By Deron Hamel
Joe Stanislaw says the best results from widespread screening of the documentary On the Edge: Living with Epilepsy would be more awareness, a greater understanding of the potential people with epilepsy have, and more interest in research.
Joe is the father of Louis Stanislaw, a U.S. filmmaker who has coped with epilepsy his whole life. Louis wrote and directed the documentary, which was released in 2013.
On the Edge tells the painful truths, misunderstandings and difficulties of living with epilepsy at every turn; from family life to school, to leaving home and starting a career, to forming lasting bonds with others.
The National Educational Television Association (NETA) has announced it will feed the documentary to the more than 350 PBS stations across the U.S., as well as some affiliated stations in Canada, as part of a national effort in the U.S. to kick off National Epilepsy Awareness Month in November.
“The best possible outcomes would be more awareness from society at large of the enormous amount of people who suffer from epilepsy – that would be No. 1,” Joe tells Voices of Epilepsy. “No. 2 would be a greater understanding of those people who are suffering with epilepsy and the potential those people have as individuals – personally, professionally and socially. No. 3, hopefully (the film will) direct people to more research being done to find solutions.”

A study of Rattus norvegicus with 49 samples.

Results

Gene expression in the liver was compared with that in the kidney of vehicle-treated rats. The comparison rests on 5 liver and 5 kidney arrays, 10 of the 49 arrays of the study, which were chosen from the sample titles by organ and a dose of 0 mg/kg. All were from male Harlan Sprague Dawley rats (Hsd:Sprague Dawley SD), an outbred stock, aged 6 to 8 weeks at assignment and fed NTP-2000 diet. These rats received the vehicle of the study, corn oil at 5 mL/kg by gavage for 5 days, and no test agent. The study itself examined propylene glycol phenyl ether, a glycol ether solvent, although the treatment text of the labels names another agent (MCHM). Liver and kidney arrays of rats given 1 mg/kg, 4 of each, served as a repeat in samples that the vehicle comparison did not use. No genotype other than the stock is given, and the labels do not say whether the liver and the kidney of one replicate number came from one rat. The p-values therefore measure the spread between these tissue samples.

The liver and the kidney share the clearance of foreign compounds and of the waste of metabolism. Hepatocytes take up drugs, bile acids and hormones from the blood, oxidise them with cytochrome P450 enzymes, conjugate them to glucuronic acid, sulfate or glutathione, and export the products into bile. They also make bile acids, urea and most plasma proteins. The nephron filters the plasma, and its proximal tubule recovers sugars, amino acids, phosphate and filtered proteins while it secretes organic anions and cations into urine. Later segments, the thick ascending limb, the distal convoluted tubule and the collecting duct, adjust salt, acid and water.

The documentary explores the stigma attached to epilepsy. Epilepsy often frightens people who are unfamiliar with the condition, and this has a detrimental trickle-down effect to those living with a seizure disorder.
This stigma can cost people their jobs and friendships, which can lead to other conditions, most notably depression and anxiety, the film explains.
Perhaps most importantly, the film puts faces to the condition, which is meant to inject a better sense of empathy into those listening to the many personal stories unfold.
Each PBS station will decide when and how often it will broadcast On the Edge. PBS has no national programming, so each of its affiliates decides its own scheduling. PBS stations can screen the documentary as many times as they want.
Joe says the documentary has received lots of positive feedback since its release three years ago – and he hopes the momentum continues.
“For people living with epilepsy, there has been a profound sense of ‘thank you’ for creating a better sense of understanding (about epilepsy),” Joe says. “It has changed people’s attitudes. One guy I’ve known for years said, ‘I’m now even more attentive to people on the street who may be in a wheelchair or have visual impairment and want to help them out.’ That’s very powerful.”
The documentary also features interviews with people who have never before gone public about their condition. This, Joe says, is one of the film’s strongpoints.
“People have been told they shouldn’t talk about (their epilepsy), and that’s a mistake,” he says.
Louis is currently working on a book about people’s experiences with epilepsy, which will be published in January.